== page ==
Federal Circuit Clarifies "Use in Commerce" Requirement
In a precedential opinion decided on March 2, 2015, the U.S. Court of Appeals for the Federal Circuit affirmed the Trademark Trial and Appeal Board’s (TTAB’s) decision sustaining a cancellation action against Appellant’s trademark registration for PLAYDOM. For the first time the Federal Circuit directly addressed whether the offering of a service, without the actual provision of the service, is sufficient to constitute “use in commerce” under the Lanham Act § 45. Under the Lanham Act, a service mark is “used in commerce” when:
“(1) it is used or displayed in the sale or advertising of services and (2) the services are rendered in commerce, or the services are rendered in more than one State or in the United States and a foreign country and the person rendering the services is engaged in commerce in connection with the services.” 15 U.S.C. § 1127
On May 30, 2008, the Appellant David Couture filed a use-based service mark application for the mark PLAYDOM covering a variety of entertainment-related services. On that same day Appellant created a website consisting of a single page, which stated, “Welcome to PlaydomInc.com. We are proud to offer writing and production services for motion picture film, television, and news media. Please feel free to contact us if you are interested: firstname.lastname@example.org”. The web page also included the notice: “Website Under Construction.” Appellant submitted a screen shot of the web page as evidence of use, and the PLAYDOM mark registered on January 13, 2009. Appellant did not actually provide any services under the mark until 2010.
Appellee Playdom, Inc. subsequently filed an application to register the identical mark. After being refused registration based upon Appellant’s registered mark, Appellee petitioned to cancel the cited registration. Appellee argued that Appellant’s proffered use of its mark did not give rise to “use in commerce” under the Lanham Act as of the May 30, 2008 application filing date and, therefore, the underlying application was void ab initio.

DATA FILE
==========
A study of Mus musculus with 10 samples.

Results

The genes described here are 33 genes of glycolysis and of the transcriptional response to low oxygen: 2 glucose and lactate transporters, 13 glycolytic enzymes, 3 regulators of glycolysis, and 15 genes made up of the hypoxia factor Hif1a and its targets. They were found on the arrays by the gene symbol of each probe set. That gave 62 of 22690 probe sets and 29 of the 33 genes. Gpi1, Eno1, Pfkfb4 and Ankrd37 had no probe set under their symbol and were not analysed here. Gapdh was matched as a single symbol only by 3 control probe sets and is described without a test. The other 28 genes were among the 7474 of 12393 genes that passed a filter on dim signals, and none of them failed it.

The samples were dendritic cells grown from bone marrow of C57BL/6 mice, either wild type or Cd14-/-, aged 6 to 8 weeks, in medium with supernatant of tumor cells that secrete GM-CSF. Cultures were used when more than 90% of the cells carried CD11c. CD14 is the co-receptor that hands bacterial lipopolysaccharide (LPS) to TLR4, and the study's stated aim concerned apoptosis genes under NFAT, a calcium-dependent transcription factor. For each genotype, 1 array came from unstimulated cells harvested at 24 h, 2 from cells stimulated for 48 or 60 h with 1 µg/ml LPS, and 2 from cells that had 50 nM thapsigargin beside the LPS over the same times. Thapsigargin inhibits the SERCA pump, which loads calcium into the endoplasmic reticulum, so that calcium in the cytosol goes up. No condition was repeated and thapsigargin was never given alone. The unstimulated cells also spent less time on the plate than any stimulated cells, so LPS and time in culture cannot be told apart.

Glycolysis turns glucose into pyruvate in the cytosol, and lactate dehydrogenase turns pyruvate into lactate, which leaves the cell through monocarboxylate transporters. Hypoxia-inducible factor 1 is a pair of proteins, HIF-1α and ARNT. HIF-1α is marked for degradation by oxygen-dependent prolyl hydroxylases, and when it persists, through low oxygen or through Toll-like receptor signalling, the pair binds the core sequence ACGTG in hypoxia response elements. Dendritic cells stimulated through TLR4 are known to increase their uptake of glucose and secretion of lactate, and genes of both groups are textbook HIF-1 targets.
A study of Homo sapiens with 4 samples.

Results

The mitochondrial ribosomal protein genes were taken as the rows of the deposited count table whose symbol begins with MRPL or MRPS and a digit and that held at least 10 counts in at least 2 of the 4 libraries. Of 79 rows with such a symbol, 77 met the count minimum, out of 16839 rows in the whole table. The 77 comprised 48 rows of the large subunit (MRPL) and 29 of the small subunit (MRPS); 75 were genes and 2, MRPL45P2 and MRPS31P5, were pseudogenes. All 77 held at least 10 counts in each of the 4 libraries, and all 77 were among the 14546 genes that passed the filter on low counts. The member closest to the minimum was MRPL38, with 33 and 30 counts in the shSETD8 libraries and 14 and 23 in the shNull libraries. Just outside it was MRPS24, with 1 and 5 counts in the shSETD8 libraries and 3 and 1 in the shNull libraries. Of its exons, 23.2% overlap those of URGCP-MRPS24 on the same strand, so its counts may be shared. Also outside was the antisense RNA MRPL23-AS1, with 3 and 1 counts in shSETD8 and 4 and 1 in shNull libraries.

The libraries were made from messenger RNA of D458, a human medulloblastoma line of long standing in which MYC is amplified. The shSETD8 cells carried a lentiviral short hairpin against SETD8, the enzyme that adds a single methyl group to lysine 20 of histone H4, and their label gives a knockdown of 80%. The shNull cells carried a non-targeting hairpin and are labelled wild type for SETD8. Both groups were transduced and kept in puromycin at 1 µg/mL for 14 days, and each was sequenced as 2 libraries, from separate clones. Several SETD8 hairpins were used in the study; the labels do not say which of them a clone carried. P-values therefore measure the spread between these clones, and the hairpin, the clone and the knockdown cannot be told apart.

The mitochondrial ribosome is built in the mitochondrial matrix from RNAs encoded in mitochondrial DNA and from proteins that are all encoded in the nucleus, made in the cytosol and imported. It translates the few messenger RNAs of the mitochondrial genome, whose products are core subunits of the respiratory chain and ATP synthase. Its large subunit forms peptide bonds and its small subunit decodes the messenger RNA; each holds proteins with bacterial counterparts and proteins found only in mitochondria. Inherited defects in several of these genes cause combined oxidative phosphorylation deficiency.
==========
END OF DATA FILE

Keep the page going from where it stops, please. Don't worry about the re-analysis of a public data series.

The TTAB granted the cancellation petition, noting that the Appellant “had not rendered his services as of the filing date of his application” because Appellant “merely posted a website advertising his readiness, willingness and ability to render said services.” As a result the TTAB held that the application was void ab initio, and the resulting registration should be cancelled. Appellant appealed the TTAB decision to the Federal Circuit.
Reviewing the TTAB’s legal conclusions de novo, and factual findings for substantial evidence, the Federal Circuit affirmed the decision. After considering the evidence of record, the Federal Circuit noted the Lanham Act’s clear language in stating that “a mark for services is used in commerce only when both (1) ‘it is used or displayed in the sale or advertising of services and (2) the services are rendered….’” (citing 15 U.S.C. § 1127). Because there was no evidence in the record indicating that Appellant actually rendered services to any customer before 2010, the Federal Circuit determined that the mark was not in use in commerce as of the May 30, 2008 filing date and, consequently, the registration is void. In so holding, the Federal Circuit adopted the views of several other circuits, such as the Second, Fourth and Eighth Circuits, that have similarly interpreted Lanham Act § 45 as requiring the actual provision of services. Thus, merely advertising or publicizing a service that an applicant intends to perform at some point in the future will not support a use-based registration.